Ambiguity goes to the office
Other researchers at Cornell are working on displays intended to give workers a sense of the emotional climates in their offices. A prototype combined input from sound sensors around the workspace with a daily survey of workers - "How are you feeling today?" - to produce distortions in an animated image based on a painting by Joan Miro displayed on a big screen. A red oval on the image changed position and size, as did several dots, in ways that users found difficult to interpret.
"We could have projected, 'The happiness level today is 5'," graduate student, Kirsten Boehner, said. "But we wanted to do something that would draw people into playing with it a bit more. People would stand there looking at it and say, 'Oh, the color is moving to red; that means there's a lot of stress'. That might not be the correct interpretation, but it provided a stimulus for people to reflect on emotions and talk about them.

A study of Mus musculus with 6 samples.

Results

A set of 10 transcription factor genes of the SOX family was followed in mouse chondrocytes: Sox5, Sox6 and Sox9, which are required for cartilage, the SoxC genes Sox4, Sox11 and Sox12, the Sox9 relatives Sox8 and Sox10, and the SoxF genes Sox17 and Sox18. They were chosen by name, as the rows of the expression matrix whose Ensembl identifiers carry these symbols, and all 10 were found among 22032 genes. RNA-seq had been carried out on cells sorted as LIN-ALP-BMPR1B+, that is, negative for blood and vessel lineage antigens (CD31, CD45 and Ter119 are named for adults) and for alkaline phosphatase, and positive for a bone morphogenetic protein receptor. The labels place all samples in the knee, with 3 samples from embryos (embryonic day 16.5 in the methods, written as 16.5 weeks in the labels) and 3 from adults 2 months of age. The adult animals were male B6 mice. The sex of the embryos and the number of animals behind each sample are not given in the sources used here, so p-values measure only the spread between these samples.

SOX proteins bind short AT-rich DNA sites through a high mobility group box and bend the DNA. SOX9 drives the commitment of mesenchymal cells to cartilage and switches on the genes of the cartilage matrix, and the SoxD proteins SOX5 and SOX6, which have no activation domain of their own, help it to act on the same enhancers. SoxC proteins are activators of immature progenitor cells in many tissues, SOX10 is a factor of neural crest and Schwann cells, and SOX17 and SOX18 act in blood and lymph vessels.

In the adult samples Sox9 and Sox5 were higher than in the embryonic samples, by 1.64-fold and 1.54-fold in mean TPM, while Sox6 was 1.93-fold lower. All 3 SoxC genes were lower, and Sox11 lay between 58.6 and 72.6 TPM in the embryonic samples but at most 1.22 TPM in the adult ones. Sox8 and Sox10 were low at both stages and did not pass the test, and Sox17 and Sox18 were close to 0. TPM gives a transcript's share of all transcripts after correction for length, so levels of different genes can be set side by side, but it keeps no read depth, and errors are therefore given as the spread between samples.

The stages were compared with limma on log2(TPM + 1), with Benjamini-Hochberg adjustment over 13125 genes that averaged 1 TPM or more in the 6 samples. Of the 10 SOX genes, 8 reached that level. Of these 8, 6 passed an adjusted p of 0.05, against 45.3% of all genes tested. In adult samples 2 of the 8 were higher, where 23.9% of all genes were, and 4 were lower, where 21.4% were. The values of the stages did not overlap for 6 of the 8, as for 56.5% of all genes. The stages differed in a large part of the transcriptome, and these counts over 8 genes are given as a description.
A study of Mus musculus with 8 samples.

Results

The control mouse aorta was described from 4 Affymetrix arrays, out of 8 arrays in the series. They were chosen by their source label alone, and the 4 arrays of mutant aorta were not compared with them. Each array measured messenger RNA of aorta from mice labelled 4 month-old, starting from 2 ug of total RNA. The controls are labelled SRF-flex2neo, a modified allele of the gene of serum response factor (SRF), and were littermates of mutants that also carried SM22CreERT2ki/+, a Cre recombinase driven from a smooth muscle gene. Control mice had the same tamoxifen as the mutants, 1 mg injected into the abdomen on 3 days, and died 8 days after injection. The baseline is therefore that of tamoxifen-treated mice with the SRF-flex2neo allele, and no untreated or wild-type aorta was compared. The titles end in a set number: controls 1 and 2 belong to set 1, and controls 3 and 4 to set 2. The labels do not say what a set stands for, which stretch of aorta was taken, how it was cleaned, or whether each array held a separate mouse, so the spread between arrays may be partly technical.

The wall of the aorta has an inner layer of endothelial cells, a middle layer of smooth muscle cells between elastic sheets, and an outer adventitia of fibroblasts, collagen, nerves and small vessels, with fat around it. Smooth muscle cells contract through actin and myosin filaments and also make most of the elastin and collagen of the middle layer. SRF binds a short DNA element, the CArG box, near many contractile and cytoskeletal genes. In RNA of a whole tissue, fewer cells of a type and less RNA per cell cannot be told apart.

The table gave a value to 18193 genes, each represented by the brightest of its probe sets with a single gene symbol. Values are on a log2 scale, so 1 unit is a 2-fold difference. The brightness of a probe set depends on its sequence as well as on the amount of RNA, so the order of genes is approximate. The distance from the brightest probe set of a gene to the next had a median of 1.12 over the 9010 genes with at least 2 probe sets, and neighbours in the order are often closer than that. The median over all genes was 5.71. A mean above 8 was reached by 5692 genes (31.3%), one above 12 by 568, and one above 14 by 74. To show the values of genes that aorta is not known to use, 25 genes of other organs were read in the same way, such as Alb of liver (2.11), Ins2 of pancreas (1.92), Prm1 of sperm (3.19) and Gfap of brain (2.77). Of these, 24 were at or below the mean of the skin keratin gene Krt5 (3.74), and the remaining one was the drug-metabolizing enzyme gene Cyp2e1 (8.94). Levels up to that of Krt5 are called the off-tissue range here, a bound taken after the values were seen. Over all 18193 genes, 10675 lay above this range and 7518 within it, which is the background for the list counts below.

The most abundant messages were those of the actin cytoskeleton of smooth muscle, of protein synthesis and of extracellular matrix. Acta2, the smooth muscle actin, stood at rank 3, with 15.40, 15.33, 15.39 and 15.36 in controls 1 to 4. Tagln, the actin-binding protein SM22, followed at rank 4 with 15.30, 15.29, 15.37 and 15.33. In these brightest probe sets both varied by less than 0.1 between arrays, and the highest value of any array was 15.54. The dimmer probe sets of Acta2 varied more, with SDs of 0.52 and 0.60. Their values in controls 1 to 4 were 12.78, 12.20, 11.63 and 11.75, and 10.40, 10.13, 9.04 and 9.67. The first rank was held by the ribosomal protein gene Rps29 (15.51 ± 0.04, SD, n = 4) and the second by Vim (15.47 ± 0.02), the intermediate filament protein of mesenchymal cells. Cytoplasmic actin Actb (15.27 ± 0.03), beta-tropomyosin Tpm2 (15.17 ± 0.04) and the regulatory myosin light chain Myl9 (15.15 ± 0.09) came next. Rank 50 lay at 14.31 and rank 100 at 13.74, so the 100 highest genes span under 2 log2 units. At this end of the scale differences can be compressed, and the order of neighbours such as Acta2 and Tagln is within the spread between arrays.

"Ambiguity is not something you always want in your system," Boehner said. "It's not something you want air traffic controllers to have. But for systems that are about inspiring creativity or reflection or conversation, it is really useful to signal to people that there's no right interpretation. It's about building new interpretations."
While such work may seem purely academic: "Simplicity and ambiguity are incredibly important concepts," said Genevieve Bell, director of user experience for Intel's Digital Home Group. "I find them a useful vantage point for critiquing existing systems. There's been a startling disconnect between the people who develop computational technologies and the people that consume them."